Tuesday, March 8, 2016

Powers that be

BBC Director General Lord Hall is going to get grumpy publicly later today, about Sir David Clementi's lazy answer to who should keep an eye on Auntie in a new unitary board, in terms of bald numbers and who appoints them. The fact that he's doing it at all (and that we were tipped off in yesterday's Telegraph) must mean that the usual channels have come back with a private answer from Whittingdale Senior at the DCMS that he's minded to stick to the Clementine Solution.  

Clementi's answer is lazy because he doesn't think enough people can be good at two things at once - understanding broad public opinion on the BBC in some particular part of the country, and anything else. One suspects that his view particular applies to Scotland, Wales and Northern Ireland, but that may be a gross calumny.

Let's look at current Non-Executive Directors, Trustees and their broad remits and experience, and see where the Clementi problem comes from.

BBC Executive
Dame Fiona Reynolds - Senior NED, quangos and one of the great and good; quintessentially English
Sir Howard Stringer - broadcasting, business, the USA and Wales
Simon Burke - accountancy, remuneration, consumer companies
Alice Perkins - governance, civil service, HR
Dharmash Mistry - digital, innovation, blow-drying hair
Sir Nicolas Serota (yet to arrive) - high art, culture, quangos

BBC Trustees
Rona Fairhead - big business, Pearson, Pepsi and pearls
Sir Roger Carr - big business from chocolate and Chubb locks to chair of BAE Systems
Sonita Alleyne - radio and diversity
Richard Ayre - BBC lifer and editorial complaints guru
Mark Damazer - BBC lifer and trainee editorial complaints guru
Nick Prettejohn - insurance, City money, remuneration and Radio 3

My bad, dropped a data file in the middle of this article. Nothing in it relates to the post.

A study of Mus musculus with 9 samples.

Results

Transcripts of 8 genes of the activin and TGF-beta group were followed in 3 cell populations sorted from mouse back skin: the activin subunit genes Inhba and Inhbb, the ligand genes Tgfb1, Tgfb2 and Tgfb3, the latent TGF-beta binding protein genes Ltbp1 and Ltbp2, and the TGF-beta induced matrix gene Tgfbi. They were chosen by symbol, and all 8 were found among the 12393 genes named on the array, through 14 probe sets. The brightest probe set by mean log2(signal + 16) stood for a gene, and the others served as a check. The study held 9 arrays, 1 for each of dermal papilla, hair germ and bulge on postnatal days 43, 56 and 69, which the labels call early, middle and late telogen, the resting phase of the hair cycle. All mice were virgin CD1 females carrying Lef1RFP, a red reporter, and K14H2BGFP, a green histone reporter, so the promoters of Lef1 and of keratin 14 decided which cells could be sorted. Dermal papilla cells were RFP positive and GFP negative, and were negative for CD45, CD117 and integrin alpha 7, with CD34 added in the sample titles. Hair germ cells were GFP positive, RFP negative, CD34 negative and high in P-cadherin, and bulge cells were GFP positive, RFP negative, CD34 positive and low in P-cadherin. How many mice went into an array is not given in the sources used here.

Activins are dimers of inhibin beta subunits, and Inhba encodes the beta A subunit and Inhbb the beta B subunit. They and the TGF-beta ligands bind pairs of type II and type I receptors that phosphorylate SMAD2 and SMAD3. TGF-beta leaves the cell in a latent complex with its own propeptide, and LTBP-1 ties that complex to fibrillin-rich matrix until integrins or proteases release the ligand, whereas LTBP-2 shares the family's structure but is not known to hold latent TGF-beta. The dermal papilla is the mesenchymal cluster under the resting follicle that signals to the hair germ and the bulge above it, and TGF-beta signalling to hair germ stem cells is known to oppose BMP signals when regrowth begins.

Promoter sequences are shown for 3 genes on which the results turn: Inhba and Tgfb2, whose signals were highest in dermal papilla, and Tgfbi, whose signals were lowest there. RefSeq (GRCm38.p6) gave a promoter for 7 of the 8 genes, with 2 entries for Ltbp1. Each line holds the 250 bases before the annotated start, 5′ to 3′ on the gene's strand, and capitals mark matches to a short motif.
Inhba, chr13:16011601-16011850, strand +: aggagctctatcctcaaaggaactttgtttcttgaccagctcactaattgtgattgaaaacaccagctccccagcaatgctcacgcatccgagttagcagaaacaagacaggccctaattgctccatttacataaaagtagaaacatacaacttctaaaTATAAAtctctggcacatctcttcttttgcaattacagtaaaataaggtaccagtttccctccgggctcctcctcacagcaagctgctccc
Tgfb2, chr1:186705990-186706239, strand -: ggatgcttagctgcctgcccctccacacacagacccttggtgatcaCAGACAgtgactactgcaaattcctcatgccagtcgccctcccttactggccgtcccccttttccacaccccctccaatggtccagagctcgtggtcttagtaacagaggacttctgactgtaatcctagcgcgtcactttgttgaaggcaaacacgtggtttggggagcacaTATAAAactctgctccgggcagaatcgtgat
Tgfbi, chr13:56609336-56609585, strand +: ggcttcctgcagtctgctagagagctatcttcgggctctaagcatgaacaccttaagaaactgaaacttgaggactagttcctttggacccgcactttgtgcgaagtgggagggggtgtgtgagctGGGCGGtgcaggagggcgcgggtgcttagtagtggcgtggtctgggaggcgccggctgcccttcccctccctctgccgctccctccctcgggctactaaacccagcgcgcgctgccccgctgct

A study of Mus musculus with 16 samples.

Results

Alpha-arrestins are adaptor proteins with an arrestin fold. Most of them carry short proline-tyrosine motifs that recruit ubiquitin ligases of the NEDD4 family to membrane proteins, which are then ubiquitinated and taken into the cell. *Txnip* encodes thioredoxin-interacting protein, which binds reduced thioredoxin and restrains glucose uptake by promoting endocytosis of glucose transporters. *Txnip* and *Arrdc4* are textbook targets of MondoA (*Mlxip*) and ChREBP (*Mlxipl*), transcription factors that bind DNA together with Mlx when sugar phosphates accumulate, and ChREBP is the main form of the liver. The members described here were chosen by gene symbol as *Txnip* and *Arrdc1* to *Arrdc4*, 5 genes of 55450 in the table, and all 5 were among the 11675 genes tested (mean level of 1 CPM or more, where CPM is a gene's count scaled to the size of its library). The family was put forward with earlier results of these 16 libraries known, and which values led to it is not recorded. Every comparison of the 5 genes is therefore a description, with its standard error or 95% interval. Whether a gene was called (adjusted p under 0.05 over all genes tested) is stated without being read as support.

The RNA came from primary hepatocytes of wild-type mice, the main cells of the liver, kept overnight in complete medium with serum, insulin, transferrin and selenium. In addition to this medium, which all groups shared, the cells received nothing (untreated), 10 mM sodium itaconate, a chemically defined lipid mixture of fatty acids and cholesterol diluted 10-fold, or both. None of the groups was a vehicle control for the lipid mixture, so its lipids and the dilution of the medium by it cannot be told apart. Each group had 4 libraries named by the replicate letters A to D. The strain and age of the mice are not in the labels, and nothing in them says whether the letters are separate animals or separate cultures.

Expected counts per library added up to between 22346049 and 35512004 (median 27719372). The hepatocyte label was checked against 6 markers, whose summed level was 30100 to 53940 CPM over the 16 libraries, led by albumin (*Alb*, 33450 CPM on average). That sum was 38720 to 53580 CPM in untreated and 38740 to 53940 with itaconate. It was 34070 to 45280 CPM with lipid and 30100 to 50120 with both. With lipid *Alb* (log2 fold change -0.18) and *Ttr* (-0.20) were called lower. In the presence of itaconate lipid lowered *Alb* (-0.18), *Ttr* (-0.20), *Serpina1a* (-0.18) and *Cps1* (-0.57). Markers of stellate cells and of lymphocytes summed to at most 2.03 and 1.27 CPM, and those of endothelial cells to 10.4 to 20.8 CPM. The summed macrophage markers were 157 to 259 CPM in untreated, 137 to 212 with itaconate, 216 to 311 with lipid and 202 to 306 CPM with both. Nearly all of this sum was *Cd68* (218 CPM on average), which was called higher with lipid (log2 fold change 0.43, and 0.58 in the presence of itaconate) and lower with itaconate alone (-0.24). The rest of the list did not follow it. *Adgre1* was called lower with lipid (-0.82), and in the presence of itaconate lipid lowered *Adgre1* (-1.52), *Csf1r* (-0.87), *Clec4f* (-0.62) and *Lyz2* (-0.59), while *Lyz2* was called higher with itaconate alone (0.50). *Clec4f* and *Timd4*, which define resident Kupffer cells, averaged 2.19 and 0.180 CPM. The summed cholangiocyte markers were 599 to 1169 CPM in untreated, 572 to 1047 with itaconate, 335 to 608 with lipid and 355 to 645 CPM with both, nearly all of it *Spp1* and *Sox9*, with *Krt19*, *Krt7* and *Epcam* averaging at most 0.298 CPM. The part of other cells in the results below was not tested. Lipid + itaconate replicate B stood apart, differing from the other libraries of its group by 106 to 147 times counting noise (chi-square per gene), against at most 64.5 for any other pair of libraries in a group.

Suzanna Taverne - finance, museums and now serial NED
Lord Williams - former World Service hack, in role created to keep an eye on them
Bill Matthews - Scotland, unions and bass-playing
Elan Closs Stephens - Wales and university lifer
Aideen McGinley - Northern Ireland, civil service, redevelopent and community stuff
Mark Florman - England and merchant banking, philanthropy

There's a way round this. Aside from the new Chairman of the Unitary Board, the new NEDs should have two clear governance responsibilities each - and that includes the Deputy Chair.

The areas that need to be covered - England; Scotland; Northern Ireland; Wales; financial probity, audit and remuneration; competition and fair trading; editorial complaints and content issues; culture and The Arts; broadcasting, diversity and audience outreach; technology/innovation. Clementi thinks you need nine people to cover those ten remits, plus a Chair and Deputy, making eleven people playing against three BBC Executives. I think by doubling up more, you should bring that down to six, plus a Chair. And up the BBC side to four, so that a new Director of Content turns up alongside Hall, Bulford and Purnell.  Seven plays four is a much better balance than eleven to three.  

Does it matter ? Yes it does. A unitary board will see much more deeply inside the organisation than the Governors and The Trust ever did. The history of public appointees getting editorial issues wrong runs from Real Lives through the sacking of DG Alasdair Milne, to Governors accepting Greg Dyke's volunteered resignation. A better balance means a healthier and franker debate, even if the BBC management don't always win the case.